Middle East studies in the News
Columbia learns a thing or two
We don't envy Columbia University as it struggles to maintain a climate of academic freedom and simultaneously protect the rights of students to engage in honest classroom discussions without fear of professorial retribution. Those values may sound like ridiculously simple goals. But as the university has recently learned, they are anything but that.
If they are to mesh harmoniously, Columbia must insist on an exacting classroom balance - a blend of intellectual honesty, mutual respect for divergent views and plain old common sense. Sad to say, these are not qualities found in abundance on every American campus these days.
The Columbia saga has taken countless twists and turns over the past few months. But embedded at the heart of the dispute is the charge that pro-Palestinian professors at the university have sought to intimidate Zionist students.
Is it true? While a faculty committee failed to document the claim conclusively in a report released late last month, it did find that one Mideast studies professor, Joseph Massad, "exceeded commonly accepted bounds" as he answered a student's question. It seems that Massad was talking about Israeli incursions into the West Bank and Gaza. The student asked if Israel sometimes gives warnings before it bombs certain areas. She quotes Massad as saying: "If you're going to deny the atrocities being committed against Palestinians, then you can get out of my classroom!"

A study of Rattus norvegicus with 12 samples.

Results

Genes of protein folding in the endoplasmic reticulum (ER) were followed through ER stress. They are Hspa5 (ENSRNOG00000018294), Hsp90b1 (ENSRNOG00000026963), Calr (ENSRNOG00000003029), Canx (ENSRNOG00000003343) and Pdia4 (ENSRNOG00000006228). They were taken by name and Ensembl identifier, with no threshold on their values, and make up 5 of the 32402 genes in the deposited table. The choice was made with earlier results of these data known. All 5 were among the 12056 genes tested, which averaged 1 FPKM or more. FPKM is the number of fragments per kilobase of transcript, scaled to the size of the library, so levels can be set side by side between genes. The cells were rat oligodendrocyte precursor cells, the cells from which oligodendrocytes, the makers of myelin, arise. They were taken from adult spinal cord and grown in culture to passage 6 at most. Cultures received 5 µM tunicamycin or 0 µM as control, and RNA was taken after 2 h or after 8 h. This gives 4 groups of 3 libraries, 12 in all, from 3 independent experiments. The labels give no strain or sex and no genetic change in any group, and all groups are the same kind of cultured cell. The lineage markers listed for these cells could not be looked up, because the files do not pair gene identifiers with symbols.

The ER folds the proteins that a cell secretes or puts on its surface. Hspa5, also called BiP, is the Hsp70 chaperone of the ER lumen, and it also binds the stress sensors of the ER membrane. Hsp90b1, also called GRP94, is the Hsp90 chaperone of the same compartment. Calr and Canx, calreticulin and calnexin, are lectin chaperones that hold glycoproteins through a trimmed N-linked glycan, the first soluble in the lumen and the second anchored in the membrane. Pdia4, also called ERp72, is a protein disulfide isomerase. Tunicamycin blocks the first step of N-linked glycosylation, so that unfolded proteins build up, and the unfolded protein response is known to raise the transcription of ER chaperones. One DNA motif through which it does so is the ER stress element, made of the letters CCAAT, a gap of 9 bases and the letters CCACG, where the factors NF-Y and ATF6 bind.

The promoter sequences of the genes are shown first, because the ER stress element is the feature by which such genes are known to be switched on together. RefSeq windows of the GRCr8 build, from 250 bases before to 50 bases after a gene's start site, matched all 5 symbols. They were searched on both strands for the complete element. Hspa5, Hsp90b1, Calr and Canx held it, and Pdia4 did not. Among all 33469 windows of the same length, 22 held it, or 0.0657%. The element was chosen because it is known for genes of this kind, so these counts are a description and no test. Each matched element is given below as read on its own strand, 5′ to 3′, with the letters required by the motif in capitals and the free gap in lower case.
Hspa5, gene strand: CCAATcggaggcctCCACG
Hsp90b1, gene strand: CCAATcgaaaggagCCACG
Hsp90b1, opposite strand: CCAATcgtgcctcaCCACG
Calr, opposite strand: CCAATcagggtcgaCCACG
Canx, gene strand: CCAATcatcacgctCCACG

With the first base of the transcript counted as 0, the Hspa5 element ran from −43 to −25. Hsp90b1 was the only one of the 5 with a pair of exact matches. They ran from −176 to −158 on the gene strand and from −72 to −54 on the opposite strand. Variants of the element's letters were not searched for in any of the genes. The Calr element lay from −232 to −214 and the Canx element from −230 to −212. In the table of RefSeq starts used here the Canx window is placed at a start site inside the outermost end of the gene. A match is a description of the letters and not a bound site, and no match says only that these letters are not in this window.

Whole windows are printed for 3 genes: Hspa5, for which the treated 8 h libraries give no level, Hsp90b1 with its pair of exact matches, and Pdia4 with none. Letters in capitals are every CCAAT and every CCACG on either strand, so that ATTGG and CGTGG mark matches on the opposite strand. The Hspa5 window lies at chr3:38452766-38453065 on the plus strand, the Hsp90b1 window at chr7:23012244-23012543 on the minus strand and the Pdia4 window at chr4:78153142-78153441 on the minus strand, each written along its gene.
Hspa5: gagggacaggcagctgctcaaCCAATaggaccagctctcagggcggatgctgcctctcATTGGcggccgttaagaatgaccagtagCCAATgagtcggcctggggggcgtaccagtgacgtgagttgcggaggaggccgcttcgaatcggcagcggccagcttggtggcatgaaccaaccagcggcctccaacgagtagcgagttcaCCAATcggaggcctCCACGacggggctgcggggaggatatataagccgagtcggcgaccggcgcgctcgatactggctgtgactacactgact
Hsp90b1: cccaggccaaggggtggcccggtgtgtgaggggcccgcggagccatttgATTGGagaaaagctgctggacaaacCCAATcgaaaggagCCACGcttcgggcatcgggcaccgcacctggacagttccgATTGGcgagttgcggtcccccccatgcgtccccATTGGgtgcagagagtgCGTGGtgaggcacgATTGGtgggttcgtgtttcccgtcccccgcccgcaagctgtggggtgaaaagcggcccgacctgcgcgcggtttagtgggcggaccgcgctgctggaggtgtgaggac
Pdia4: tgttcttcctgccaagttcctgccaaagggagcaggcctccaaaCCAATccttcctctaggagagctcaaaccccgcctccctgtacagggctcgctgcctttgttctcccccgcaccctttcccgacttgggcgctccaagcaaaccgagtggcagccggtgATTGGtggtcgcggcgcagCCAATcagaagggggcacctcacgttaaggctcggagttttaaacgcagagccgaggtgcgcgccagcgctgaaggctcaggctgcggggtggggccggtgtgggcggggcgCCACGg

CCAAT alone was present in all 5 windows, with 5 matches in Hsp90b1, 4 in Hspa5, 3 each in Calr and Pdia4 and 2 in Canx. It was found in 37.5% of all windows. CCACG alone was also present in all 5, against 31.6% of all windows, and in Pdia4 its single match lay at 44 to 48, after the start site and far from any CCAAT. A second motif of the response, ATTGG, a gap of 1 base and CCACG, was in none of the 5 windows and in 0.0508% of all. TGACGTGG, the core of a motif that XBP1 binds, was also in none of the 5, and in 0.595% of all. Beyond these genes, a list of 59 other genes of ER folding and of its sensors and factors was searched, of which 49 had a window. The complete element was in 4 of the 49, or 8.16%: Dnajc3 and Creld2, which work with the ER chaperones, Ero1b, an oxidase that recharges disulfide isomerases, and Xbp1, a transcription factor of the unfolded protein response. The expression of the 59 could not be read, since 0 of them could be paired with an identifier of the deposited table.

In the end, naturally, the faculty report riled up everyone. Pro-Israel students say it wimped out. Massad says it favors a "witch-hunt that has targeted me for over three years." Other Columbia teachers worry about outside "monitors" who show up in their classrooms and threaten to repress free-wheeling discussions on high-octane topics.
Meanwhile, Columbia is examining its grievance process so that students can get redress before their anger morphs into psychodrama. Still, procedural tinkering is no substitute for common sense. What about fairness? What about balance in the instruction? Those subjective qualities are notoriously hard to judge - but Columbia needs to try.Note: Articles listed under "Middle East studies in the News" provide information on current developments concerning Middle East studies on North American campuses. These reports do not necessarily reflect the views of Campus Watch and do not necessarily correspond to Campus Watch's critique.